Expert: MERS cases in U.S. likely to rise, S.C. prepared

Friday, May 23, 2014
By Paul Martin

By Patrick Phillips
May 22, 2014

Since it was first identified in 2012 in Saudi Arabia, Middle East respiratory syndrome, or MERS, has affected more than 700 people worldwide.

The viral respiratory illness causes fever, cough, sore throat and shortness of breath.

Health officials still believe the risk to the general public remains low with 3 people testing positive here in the U.S. But as people gear up for a heavy travel season, Dr. Timothy West, Chief of Infection Prevention at Roper St. Francis Hospital, says the numbers will likely go up in the states.

“I think the way it’s expanding right now in the Arabian peninsula I think we will see an increasing amount of MERS in the U.S. and across the globe,” West said.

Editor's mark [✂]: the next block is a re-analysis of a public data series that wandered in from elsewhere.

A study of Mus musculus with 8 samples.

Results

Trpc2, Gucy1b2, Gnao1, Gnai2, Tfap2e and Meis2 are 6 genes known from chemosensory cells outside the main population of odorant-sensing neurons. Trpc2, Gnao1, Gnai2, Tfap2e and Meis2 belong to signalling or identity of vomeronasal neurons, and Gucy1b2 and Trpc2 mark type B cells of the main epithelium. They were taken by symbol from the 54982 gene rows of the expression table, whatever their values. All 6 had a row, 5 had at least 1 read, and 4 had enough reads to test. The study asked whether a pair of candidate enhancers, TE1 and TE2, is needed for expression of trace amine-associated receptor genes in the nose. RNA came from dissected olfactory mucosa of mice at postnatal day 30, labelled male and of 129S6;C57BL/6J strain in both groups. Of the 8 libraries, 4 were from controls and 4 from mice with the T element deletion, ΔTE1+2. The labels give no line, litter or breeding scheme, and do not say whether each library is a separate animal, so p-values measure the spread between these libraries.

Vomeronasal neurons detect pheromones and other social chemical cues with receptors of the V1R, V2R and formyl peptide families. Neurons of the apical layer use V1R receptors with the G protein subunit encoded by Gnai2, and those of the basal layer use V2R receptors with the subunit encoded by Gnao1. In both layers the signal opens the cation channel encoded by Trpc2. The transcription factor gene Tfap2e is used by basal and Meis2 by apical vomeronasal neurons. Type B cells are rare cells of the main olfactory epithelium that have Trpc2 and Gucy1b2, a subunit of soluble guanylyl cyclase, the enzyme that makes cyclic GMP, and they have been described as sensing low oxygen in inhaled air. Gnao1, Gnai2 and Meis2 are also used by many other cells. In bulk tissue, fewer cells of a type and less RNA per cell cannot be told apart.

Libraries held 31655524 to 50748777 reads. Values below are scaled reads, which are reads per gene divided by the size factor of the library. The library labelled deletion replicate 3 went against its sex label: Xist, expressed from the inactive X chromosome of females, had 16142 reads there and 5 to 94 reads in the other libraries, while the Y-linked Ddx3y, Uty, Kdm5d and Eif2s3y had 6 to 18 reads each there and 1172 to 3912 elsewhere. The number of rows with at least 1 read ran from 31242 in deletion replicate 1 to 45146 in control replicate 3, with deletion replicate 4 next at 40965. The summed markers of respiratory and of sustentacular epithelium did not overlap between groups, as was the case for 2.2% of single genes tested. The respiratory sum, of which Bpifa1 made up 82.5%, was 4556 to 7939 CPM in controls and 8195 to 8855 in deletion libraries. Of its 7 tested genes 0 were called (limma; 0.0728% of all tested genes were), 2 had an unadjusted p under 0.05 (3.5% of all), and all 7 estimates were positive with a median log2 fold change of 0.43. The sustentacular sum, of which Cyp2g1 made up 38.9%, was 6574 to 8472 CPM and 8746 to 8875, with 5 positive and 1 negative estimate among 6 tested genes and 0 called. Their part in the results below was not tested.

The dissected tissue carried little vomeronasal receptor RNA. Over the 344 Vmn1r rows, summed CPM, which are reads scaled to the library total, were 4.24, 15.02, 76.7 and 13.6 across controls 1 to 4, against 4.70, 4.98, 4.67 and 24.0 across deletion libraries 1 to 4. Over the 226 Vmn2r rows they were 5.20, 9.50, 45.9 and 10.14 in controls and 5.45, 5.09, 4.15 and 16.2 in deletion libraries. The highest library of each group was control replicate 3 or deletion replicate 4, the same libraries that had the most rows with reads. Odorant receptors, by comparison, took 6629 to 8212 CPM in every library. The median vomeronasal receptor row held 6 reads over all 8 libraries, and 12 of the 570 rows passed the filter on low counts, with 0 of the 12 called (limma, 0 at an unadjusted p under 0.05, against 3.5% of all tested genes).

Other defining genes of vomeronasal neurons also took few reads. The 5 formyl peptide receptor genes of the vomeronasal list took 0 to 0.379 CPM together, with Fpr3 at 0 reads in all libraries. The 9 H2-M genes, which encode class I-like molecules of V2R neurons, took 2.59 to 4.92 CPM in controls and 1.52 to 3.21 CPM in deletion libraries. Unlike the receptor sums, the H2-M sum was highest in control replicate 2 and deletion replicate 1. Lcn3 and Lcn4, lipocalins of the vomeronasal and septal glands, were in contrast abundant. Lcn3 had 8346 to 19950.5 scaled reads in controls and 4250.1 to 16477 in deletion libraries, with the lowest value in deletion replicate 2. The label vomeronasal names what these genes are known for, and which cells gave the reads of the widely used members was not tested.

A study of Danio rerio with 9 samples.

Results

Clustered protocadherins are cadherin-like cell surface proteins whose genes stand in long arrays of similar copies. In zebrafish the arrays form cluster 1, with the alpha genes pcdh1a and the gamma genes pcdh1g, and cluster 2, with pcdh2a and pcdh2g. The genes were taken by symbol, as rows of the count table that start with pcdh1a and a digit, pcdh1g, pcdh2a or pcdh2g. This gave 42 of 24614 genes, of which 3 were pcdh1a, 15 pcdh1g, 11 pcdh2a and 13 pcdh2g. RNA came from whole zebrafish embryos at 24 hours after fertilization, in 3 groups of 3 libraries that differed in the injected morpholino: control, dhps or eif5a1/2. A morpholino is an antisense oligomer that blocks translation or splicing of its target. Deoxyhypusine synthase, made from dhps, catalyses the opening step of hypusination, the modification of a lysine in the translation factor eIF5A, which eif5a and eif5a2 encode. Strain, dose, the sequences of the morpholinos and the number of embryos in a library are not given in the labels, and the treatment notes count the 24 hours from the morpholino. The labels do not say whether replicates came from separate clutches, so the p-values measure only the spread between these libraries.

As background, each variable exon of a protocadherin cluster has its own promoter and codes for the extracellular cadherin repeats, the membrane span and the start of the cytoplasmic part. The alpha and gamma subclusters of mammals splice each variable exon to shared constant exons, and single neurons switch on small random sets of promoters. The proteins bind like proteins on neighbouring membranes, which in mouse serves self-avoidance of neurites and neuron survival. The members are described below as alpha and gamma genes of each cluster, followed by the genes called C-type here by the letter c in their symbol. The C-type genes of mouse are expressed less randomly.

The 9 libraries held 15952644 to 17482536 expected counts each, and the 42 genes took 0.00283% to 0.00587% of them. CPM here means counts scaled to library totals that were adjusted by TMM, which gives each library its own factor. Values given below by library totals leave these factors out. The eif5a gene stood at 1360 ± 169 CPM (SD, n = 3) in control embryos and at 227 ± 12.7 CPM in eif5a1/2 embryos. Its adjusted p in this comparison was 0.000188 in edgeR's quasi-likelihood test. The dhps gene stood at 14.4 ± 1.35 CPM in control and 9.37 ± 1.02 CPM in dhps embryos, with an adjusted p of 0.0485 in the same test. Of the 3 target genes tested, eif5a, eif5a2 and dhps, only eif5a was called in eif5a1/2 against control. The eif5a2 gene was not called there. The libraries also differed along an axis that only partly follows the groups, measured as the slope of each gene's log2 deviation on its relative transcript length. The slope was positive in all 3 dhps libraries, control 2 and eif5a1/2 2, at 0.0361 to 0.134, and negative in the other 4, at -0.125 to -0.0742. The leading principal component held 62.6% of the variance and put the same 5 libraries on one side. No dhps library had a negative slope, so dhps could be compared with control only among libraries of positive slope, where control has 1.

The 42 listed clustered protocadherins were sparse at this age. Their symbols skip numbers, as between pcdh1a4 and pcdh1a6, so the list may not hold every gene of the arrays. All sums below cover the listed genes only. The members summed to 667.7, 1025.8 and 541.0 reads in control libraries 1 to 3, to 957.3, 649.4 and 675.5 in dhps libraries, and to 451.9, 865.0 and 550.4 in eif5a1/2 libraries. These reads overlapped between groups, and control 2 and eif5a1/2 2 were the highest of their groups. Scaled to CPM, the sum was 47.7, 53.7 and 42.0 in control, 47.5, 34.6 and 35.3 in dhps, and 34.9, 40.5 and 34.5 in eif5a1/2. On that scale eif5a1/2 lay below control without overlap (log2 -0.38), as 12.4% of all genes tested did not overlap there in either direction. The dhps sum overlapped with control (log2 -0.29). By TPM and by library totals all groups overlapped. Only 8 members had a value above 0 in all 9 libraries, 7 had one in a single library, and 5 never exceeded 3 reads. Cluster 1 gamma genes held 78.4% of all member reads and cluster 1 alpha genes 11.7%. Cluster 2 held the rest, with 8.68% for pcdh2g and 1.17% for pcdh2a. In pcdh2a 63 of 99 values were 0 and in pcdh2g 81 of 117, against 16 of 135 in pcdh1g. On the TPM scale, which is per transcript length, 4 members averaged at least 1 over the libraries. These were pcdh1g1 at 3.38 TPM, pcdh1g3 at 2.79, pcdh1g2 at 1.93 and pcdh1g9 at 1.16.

West says he does not encourage people to change travel plans, but to be cautious of traveling abroad to places in the Middle East and Mediterranean. It’s especially important to avoid agricultural areas of the Middle East, West said.

Camels have already been identified as possibly carrying the virus and its also been found in a bat.

MERS is airborne and contagious, and West says you can get it from close contact with an infected person and it can even spread by just a handshake.

“You can get it on your hands, in your eyes, so hand hygiene is extremely important,” West said.

West says some people get very sick from the respiratory illness, while others may have mild to no symptoms at all. The duration of symptoms from MERS could last up to 14 days.